On Tuesday, President Obama nominated acting FAA Administrator Michael Huerta to lead the agency for a full five-year term. He was tapped as the acting chief in early December, after now-former FAA Administrator Randy Babbitt resigned in the wake of a drunk-driving arrest in Northern Virginia.
Next Generation Air Transportation System
The FAA’s $550 million system-wide information management (Swim) program to fashion a unified information management system from the various flight data, weather and advisory systems used in the National Airspace System calls to mind a hub-and-spoke computer network exchanging digital signals with the big iron in the sky.
NextGen’s Performance Based Navigation (PBN) is at the heart of new airspace designs for Northern California. The new routes will improve the flow of air traffic into and out of San Francisco International, San Jose, Sacramento and Oakland.
An unmanned aerial vehicle (UAV) could soon be coming to civil airspace near you, and the FAA wants to know what you think. The safety considerations of mixing piloted aircraft in NextGen airspace with those flown by people on the ground or even totally by computer are serious concerns for most aviators.
The annual ATC Global conference and exhibition, held earlier this month in Amsterdam, attempted to bring into sharper focus the vision of a Single European Sky (SES).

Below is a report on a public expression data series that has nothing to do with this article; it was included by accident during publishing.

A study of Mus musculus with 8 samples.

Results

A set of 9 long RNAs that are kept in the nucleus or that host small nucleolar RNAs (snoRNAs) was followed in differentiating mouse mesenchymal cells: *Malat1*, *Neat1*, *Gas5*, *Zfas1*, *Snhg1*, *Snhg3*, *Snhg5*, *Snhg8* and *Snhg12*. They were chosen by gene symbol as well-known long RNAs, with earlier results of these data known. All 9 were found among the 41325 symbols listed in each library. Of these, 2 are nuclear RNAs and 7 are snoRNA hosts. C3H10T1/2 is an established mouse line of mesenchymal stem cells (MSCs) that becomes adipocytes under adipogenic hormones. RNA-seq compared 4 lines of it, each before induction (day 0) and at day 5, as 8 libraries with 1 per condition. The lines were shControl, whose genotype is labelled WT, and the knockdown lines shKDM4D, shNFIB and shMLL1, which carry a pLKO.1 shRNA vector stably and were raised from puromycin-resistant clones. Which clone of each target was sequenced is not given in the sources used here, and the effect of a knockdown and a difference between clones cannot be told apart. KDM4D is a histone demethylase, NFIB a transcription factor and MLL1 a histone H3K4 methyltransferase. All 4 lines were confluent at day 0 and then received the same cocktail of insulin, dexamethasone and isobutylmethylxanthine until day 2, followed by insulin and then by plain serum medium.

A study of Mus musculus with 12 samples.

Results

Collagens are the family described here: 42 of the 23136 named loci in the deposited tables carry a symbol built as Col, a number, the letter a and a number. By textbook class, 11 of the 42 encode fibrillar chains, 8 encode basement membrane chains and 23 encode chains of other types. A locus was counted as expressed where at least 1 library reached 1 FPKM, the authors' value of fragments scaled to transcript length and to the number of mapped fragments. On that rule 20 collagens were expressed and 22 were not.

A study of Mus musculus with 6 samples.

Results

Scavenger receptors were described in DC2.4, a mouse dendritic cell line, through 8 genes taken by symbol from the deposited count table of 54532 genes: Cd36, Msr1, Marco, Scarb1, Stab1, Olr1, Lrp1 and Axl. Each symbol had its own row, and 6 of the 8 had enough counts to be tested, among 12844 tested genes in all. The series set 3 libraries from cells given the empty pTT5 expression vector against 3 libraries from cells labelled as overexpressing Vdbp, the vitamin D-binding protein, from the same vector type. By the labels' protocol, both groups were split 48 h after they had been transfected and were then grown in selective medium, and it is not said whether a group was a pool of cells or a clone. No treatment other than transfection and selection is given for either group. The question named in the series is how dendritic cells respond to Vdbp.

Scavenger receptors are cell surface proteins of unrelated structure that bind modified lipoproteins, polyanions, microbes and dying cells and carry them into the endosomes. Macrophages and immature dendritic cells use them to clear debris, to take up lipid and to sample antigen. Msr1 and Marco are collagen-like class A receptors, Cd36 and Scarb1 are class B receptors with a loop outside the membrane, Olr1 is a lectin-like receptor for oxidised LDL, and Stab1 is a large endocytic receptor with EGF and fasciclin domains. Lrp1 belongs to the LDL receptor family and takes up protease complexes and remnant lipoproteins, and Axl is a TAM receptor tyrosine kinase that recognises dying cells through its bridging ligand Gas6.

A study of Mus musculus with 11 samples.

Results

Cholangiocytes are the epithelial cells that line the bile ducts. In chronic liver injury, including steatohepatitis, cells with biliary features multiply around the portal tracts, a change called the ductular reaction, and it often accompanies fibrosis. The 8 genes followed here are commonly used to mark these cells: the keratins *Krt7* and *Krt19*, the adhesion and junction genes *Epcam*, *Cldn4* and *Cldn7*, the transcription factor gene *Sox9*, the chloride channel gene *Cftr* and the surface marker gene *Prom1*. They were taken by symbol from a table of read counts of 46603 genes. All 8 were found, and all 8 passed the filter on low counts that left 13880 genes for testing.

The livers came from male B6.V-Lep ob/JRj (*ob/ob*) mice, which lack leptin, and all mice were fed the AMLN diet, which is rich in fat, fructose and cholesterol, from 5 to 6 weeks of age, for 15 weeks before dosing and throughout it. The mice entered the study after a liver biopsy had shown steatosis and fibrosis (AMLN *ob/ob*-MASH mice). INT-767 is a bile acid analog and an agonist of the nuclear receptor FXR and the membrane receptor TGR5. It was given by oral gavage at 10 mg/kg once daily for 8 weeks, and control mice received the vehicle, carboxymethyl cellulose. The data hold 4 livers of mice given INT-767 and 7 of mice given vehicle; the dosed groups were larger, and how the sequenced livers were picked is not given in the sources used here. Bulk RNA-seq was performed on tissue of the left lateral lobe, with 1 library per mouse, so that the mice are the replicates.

The FAA and a group of European air navigation service providers signed a joint statement of purpose to work toward a “future interoperable aviation system that is operationally driven and technology enhanced.” Europe and the U.S. are both undertaking ATC modernization programs: Sesar (Single European Sky ATM Research) in Europe and NextGen in the U.S. Under the agreement, the parties will coordinate on areas such as systems implementation, program management and transitioning to these new systems.
With Congressional differences resolved, the FAA Reauthorization Bill has been signed by the President and is now a formal government act. A done deal, right? Well, perhaps not totally done. Those who read the October report of the FAA-sponsored Aviation Rulemaking Committee (ARC) on implementation strategies for ADS-B in were certainly surprised to see that the bill called for in to be mandated in 2020, at the same time as ADS-B out.
Three industry teams are vying for the FAA’s Data Communications Integrated Services (DCIS) contract to provide a nationwide data network between ATC facilities and datacomm-equipped aircraft, with a contract award anticipated in June. Even as it was evaluating these proposals, however, the FAA had not decided which datalink standard to implement.
Eleven of 30 FAA ATC modernization programs reviewed by the U.S. Government Accountability Office (GAO) have exceeded their initial cost estimates by a total of $4.2 billion, and half have experienced delays.
A report released last week by the Government Accountability Office (GAO) criticizes the FAA for lax program cost and schedule monitoring and control related to its air traffic control modernization effort. Of 30 NextGen programs the GAO examined, 11 have experienced cost increases over their original estimates by $4.2 billion, representing more than 60 percent of the agency’s total delay costs for these programs.